As parents, there is little that we want more than to keep our kids safe and happy. An Indiana mother of a 17-year-old gay son was allegedly trying to do just that when she sent him to school with a stun gun following a series of bullying incidents, including homophobic slurs and rock throwing.
The mother, Chelisa Grimes, sent her son Darnell “Dynasty” Young to his high school in Indianapolis with the weapon after he said he had been bullied for months, without sufficient intervention from school administrators, reports CNN. She said, "I do not promote violence—not at all—but what is a parent to do when she has done everything that she felt she was supposed to do ... at the school?"
Last month, after six students surrounded him at school, name-calling and threatening to beat him up, he pulled the stun gun from his backpack, raised it in the air and set off an electric charge, which dispersed the group. Nobody was hurt, and Young went off to class, but he was arrested a short while later. He has been suspended and now faces possible expulsion for violating school policy by bringing a weapon to school.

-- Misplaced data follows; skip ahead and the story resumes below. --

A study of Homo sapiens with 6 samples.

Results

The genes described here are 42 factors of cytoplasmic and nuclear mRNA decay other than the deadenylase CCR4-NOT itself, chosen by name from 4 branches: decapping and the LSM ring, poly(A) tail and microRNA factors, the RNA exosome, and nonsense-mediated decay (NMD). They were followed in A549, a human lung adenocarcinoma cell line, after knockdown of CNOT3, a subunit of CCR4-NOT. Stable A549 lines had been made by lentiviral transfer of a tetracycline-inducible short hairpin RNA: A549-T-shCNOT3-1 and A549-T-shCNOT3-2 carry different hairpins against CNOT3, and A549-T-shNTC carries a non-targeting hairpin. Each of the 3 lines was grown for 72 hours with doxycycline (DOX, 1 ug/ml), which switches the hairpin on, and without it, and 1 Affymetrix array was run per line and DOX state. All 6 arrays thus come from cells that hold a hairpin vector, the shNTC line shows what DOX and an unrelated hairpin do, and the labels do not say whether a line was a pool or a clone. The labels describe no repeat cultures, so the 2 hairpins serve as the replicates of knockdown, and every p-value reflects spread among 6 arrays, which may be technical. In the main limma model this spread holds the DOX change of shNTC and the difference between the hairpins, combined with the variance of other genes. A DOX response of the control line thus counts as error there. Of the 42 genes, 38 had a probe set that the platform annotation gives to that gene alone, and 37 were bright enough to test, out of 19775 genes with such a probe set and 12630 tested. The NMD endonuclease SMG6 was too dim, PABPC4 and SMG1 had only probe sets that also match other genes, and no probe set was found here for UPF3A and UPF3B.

Young, who is gay, is apparently known for dressing flamboyantly, which school staff have tried to discourage him from doing. His school principal told The Indianapolis Star, "’If you wear female apparel, then kids are kids and they're going to say whatever it is that they want to say. Because you want to be different and because you choose to wear female apparel, it may happen. In the idealistic society, it shouldn't matter. People should be able to wear what they want to wear.’"
"’I deal with all bullying, and I take it very seriously,’" the principal continued. "’I've been a big disciplinarian. Your school climate's not worth a quarter if you don't have good discipline.’" Although the school has interviewed students and teachers about the bullying and this incident in particular, it has failed to identify the bullies.
Nearly nine out of 10 lesbian, gay, bisexual or transgender students have been bullied or harassed at school over the past year, according to a 2009 survey of over 7,200 middle and high school students, and two-thirds of them don’t feel safe at school. Young admits that as a result of the bullying and some particularly nasty rumors about him, he had suicidal thoughts.
Grimes explained that while she knew stun guns weren’t allowed on school property, she specifically chose a one because it didn’t seem as dangerous as a gun or a knife.
What’s your take on this? If you felt a school wasn’t doing all it should to protect your child, how would you handle the situation?